Steve Cropper, founder member of Booker T & The MGs, is in Clitheroe on Sunday. The legendary guitarist, who co-wrote In The Midnight Hour, Sittin’ On The Dock of the Bay and other classics, spoke to TONY DEWHURST
Steve Cropper is one of the most famous guitarists in modern music, and the Tennessee-based producer and singer songwriter joins his friends The Animals at Clitheroe’s Grand Theatre on Sunday.
Cropper has been the secret ingredient in some of the greatest soul and rock and roll standards, with his trademark sound heard in songs by Otis Redding, Wilson Pickett and Albert King.
A founding member of Booker T and the MG’s, Cropper has not only contributed to such instrumental classics as Green Onions, he co-wrote soul hits In The Midnight Hour and Sittin’ on the Dock of the Bay.
“I was probably 13 before I was allowed to listen to a radio, but then I heard gospel, soul and rhythm and blues music for the first time and it was the greatest stuff I’d ever heard,” said Cropper.
“It was beautiful music, and that’s something that drew me into it – it has been my life ever since, playing to people and, hopefully, making them happy.”
Cropper, of course, continues to be an in-demand musician and his string-bending talents being most recently showcased on albums by Paul Simon, Elton John and Ringo Starr.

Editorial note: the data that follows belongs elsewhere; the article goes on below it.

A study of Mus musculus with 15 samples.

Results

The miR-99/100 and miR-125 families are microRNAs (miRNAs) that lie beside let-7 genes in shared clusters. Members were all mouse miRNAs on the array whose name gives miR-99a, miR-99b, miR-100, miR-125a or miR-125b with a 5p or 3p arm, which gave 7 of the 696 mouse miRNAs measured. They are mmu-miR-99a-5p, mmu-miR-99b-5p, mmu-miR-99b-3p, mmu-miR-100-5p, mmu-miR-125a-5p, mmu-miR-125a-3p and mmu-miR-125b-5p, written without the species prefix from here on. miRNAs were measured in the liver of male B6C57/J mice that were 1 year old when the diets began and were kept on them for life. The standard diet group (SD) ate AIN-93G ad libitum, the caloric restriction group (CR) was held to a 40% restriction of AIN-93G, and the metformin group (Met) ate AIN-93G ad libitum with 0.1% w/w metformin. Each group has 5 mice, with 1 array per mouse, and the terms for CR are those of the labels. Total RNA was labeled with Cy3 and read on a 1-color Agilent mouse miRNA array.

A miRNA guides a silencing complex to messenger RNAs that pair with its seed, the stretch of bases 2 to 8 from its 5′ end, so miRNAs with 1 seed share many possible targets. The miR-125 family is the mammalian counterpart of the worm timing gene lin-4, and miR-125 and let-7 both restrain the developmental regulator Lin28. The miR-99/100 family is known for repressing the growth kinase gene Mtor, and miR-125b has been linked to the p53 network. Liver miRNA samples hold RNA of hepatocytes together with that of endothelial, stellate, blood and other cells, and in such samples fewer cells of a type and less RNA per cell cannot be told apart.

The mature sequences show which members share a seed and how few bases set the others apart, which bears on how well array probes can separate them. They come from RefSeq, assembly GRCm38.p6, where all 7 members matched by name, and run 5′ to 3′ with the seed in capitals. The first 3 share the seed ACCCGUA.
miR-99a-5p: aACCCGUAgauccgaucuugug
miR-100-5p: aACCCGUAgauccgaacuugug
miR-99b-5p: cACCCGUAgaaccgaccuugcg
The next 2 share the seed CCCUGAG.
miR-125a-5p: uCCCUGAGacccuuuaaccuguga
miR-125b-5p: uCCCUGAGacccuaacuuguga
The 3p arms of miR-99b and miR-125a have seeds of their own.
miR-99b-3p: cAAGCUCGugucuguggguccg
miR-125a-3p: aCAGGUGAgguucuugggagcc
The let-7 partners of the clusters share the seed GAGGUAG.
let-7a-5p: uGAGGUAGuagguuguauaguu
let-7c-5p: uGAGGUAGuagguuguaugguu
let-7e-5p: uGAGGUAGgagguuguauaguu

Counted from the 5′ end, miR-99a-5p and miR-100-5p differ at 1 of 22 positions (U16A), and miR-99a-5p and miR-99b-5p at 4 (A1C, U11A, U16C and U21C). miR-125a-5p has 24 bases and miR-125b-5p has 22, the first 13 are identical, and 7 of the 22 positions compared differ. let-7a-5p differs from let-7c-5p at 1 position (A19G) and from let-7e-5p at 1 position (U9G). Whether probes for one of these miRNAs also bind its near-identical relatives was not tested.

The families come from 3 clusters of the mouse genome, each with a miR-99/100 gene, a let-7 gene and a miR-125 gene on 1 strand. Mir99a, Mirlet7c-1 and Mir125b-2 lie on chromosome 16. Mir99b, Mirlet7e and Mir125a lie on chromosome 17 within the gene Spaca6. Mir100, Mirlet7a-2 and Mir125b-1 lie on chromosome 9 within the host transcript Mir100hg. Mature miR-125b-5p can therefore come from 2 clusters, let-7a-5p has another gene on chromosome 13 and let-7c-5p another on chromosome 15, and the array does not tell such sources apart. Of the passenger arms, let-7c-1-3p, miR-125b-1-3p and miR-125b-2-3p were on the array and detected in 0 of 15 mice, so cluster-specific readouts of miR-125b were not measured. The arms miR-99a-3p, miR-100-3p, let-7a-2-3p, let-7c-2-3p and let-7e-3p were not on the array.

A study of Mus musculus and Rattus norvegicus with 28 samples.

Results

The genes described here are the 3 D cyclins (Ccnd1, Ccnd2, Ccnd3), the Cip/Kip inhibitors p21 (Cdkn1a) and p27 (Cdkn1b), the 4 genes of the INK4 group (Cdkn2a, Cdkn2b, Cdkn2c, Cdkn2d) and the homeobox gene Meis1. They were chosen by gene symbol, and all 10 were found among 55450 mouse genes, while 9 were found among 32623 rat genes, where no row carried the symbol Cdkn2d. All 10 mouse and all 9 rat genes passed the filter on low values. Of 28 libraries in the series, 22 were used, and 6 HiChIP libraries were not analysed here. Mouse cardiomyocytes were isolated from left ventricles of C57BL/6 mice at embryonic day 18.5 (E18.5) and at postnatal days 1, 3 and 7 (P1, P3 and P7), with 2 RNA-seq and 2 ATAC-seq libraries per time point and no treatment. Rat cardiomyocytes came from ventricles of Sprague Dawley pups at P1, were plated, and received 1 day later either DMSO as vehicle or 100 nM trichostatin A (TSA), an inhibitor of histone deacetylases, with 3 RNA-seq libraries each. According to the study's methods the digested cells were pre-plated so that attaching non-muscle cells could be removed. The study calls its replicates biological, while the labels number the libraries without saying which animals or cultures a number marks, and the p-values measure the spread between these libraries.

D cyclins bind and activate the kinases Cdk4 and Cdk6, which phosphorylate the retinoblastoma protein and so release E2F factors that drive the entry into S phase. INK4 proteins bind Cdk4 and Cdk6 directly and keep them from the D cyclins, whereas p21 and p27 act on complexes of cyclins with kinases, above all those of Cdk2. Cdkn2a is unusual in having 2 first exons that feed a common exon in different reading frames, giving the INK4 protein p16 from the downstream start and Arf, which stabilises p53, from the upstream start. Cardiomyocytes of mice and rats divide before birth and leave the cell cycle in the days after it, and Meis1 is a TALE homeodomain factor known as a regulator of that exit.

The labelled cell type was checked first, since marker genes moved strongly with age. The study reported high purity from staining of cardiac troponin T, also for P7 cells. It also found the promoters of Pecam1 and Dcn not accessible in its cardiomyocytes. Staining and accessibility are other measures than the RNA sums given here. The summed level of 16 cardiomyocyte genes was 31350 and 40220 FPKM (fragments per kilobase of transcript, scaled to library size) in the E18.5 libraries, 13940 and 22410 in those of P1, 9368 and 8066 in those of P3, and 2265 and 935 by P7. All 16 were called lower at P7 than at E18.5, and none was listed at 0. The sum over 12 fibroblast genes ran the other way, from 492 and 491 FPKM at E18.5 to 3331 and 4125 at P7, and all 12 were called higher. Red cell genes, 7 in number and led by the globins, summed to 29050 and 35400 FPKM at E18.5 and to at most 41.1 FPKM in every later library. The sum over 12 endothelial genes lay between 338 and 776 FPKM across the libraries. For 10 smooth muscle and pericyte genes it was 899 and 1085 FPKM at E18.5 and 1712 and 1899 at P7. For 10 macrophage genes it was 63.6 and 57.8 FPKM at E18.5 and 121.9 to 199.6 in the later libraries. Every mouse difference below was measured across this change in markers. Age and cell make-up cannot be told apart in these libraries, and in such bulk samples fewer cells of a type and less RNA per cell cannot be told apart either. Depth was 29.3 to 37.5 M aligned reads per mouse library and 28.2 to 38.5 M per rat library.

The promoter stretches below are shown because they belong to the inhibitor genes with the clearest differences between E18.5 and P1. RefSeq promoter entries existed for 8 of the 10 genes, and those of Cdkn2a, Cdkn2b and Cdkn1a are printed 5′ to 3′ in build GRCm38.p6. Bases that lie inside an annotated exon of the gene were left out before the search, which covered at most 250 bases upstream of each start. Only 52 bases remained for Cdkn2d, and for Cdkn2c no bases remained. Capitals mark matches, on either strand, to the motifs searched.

“Songs like Dock of the Bay and Midnight Hour were absolute phenomenons, but it is difficult to answer why they were,” added Cropper.
“It is certainly hard to believe it is 52 years since Green Onions was released.
“That track just had this amazing positive energy. I cut it, mixed it and took it to a local radio DJ.
“It went out on the air and we both said, ‘Hit’. An hour later the telephone was ringing off the wall with record guys from all over America desperate to get a slice of the action.”
Born and raised in America’s Deep South, his education in Nashville was part of a musical upbringing that saw him work with some of the greats in soul and R&B.
Yet the songwriter takes his inspirations from far beyond the R&B scene, adding: “It is strange how songs emerge, it can be very instinctive.
“I remember Eddie Floyd was waiting for me to come up with an intro for Knock On Wood.
“I beat myself to death, but I couldn’t come up with anything.
“But then something came crashing out of the sky and I thought, ‘I wonder what Midnight Hour would sound like backwards?
“If I played the same changes the other way up?
“That’s the intro to Knock On Wood.”
Despite his work bringing so much joy, Cropper’s life was interrupted by the death of two close friends.
First Otis Redding died, and then the demise of John Belushi ended his project with the Blues Brothers, just when it seemed that Cropper’s work would be recognised all over again.
“That really hit me hard, John (Belushi) going.
“I thought, ‘Here we go again.’
“You get something going, a really fantastic vibe, and then boom – someone let’s the air out of the tyres.
“I refused a lot of work after that, and I kind of went into semi-retirement.”
He added: “I’ve done this for half a century and I don’t really care about being centre stage – I’m a band member and that’s the way I’ve always seen it and always will.”
On the same bill, there’s a special treat in store for classic rock fans with The Animals and Friends – including Mick Gallagher, who played on albums with The Clash and Paul McCartney.
The Animals and Friends, plus Steve Cropper. Clitheroe Grand Theatre, November 9. £17.50 adv, £20 door. 01200 421599.